E ngā mana, e ngā maunga, e ngā hau e whā, tēnā koutou, tēnā koutou, tēnā koutou katoa
Nō Ingarangi ōku tupuna
Nō reira, ka mihi ki te whenua o Greenwich me te awa Thames.
Ko Ngāti Rānana ki te Pitonga te iwi
I whanau mai au I Rānana
Engari I te wā e tamariki ana ahau, I tipu ake au, ki Ōtautahi
Ko Te Whanganui ā-Tara taku kāinga noho nāianei
Ko Samantha Barrass taku ingoa
Ko taku mahi ki Te Mana Tātai Hokohoko, ko te Mana Whakahaere
Nō reira, tēnā koutou, tēnā koutou, tēnā koutou katoa
Ka huri au ki te reo Ingarihi
Thank you very much for having me here, back in the city in which I grew up.
I’ll use these opening remarks to give a high-level overview of my thinking, including how the financial advice sector fits into this, as well as what you’ll likely see from us on the ground over the next few years.
We’ve been, and are going through, a period of transformation for financial advice. All of you have played your part in this, as has the FMA and MBIE. I want to thank you for your work, your effort, your Mahi.
I imagine almost all of you in this room have now got or applied for your full financial advice provider licence.
If you haven’t, the FMA is here to help, and our teams have been and will be doing everything they can to help and assist leading up to the need to operate under a full licence by March next year. Please don’t hesitate to get in touch.
Looking ahead to the next few years, my goal is fostering a genuinely fair financial system, with more New Zealanders than ever believing the financial sector is working well for them. Everyone needs to share in the benefits of a quality financial sector as well – this means all New Zealanders, not just a segment of New Zealanders.
Financial Advice is at the heart of this.
Financial Advice ensures customers get the right financial product that works for them at the right point in their lives.
But as I’m sure you’re aware, the changes to financial advice are not the only changes happening right now. And it’s how this all fits together that is where the real opportunity lies.
Through the Conduct of Financial Institutions legislation, the FMA is looking to ensure consumers have access to quality financial products, that offer value for money and deliver through the lifecycle of a product.
The real opportunity to me is combining those quality products with quality financial advice so consumers have the right product for them.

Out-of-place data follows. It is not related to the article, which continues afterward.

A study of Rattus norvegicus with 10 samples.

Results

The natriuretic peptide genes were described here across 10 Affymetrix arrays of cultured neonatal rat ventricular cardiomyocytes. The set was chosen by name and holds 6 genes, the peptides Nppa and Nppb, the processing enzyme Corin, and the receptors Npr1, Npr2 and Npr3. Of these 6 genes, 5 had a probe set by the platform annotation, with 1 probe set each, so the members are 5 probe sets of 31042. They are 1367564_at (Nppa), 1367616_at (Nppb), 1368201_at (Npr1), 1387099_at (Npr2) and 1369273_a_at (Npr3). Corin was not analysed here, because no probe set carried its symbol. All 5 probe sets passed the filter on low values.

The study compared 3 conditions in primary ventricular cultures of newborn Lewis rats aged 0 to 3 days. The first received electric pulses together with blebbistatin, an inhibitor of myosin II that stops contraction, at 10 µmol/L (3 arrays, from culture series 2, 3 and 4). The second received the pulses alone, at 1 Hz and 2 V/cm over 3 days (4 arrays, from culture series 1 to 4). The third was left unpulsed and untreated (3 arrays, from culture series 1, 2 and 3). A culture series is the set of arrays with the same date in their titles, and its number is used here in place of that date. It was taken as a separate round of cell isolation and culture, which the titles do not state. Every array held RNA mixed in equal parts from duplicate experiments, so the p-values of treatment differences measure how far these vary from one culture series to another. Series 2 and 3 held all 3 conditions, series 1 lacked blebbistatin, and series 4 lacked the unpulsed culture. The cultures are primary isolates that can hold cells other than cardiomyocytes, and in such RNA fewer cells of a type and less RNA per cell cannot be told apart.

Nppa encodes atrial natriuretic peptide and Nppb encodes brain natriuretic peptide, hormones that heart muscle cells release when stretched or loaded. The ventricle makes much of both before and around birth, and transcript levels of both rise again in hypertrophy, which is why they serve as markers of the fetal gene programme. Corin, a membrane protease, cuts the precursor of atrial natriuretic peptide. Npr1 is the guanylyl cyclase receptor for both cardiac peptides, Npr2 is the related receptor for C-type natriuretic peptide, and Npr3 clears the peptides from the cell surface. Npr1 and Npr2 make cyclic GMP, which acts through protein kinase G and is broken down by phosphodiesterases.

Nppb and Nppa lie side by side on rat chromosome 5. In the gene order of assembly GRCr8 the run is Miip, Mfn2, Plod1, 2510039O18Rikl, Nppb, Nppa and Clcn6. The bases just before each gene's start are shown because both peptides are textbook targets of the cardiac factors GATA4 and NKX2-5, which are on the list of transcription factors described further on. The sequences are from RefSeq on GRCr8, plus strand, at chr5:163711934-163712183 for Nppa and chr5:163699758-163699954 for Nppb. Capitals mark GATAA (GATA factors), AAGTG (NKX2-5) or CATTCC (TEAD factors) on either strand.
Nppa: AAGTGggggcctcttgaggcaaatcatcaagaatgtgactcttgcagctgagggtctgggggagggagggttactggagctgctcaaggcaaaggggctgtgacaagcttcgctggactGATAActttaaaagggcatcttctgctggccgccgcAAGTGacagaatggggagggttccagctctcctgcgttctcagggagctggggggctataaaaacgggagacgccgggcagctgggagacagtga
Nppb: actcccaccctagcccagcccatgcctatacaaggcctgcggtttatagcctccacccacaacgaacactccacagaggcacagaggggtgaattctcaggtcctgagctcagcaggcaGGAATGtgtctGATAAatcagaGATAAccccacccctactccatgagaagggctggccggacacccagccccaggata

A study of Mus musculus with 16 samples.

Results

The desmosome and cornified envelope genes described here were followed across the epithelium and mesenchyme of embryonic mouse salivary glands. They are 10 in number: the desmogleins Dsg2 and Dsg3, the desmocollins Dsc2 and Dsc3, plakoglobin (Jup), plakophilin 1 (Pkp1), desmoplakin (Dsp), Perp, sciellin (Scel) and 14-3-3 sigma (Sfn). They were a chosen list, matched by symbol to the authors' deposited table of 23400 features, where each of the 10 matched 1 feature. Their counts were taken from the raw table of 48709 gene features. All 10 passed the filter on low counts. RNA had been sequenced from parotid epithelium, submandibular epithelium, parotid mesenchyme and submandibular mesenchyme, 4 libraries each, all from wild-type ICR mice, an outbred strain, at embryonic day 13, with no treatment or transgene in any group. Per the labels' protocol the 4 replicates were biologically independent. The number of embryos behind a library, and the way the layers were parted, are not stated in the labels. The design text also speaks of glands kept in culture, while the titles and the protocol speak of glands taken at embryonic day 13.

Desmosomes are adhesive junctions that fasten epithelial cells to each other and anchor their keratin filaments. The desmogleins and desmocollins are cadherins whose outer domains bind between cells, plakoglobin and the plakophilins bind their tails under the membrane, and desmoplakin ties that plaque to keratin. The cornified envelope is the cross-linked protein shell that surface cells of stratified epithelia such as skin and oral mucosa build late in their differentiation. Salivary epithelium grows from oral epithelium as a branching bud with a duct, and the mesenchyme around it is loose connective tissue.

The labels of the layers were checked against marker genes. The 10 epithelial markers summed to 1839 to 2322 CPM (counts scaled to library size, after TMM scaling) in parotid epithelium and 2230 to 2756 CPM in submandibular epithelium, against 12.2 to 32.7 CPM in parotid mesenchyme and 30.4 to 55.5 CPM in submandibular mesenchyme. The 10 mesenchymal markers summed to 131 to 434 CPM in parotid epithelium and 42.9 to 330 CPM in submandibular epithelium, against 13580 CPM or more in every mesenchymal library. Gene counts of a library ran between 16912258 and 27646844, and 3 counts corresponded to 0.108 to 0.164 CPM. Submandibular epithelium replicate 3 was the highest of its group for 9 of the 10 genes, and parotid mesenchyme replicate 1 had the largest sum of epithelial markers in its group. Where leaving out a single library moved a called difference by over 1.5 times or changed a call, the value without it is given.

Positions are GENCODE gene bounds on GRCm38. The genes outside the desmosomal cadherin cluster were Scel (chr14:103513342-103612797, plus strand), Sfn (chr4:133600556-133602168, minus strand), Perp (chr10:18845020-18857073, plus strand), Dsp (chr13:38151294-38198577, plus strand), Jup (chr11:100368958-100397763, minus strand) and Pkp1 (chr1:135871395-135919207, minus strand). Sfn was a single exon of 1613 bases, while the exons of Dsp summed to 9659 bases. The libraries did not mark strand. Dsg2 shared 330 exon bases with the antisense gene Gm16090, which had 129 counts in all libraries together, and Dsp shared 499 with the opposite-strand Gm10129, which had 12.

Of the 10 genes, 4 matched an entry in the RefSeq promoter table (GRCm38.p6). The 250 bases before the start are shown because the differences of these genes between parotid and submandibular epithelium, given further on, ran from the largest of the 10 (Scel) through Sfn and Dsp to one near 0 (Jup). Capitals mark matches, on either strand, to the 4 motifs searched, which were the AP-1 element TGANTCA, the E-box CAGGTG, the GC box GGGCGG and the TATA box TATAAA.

This is the golden thread that ties the changes together – quality products, with consumers accessing financial advice that means they understand how and why a product is right for them at that stage in their lives.
This will help ensure confidence and trust in the sector deepens, New Zealanders are managing risk appropriately and support our capital markets, enabling firms to access the money they need to grow and expand. The benefits are clear for everyone: consumers, businesses, the Māori economy and Aotearoa New Zealand as a whole.
That’s the big picture. What does it mean for you and your business? What is the FMA going to be doing?
A key focus for us is going to be understanding how the new regulatory structure is working for both the sector and consumers. Our focus also moves from licensing to monitoring. This means FMA staff will be talking to you about what you do, and how you do it.
Many of you will already have seen this in action through our engagement with you through FAP licensing and through our CoFI intermediaries’ workshops in the last couple of months.
FMA monitoring of your businesses will be both proactive and reactive – reactive is where we are responding to complaints or concerns. Proactive is where we are looking to engage with your business to deepen our understanding of how you deliver for your clients and the issues you see ahead for the industry.
As our knowledge and understanding deepens, that monitoring will become more targeted and risk-based, focused on mitigating or minimising consumer harm, or on identifying and highlighting good practice.
Our focus and our approach in doing this will always be outcomes driven, based around the consumer.
We want consumers who are happy with their financial position, prepared for the future, confident in their financial decision making and in control of their finances. Financial advice is vital in delivering that.
Nga Mihi, it’s a pleasure to be here.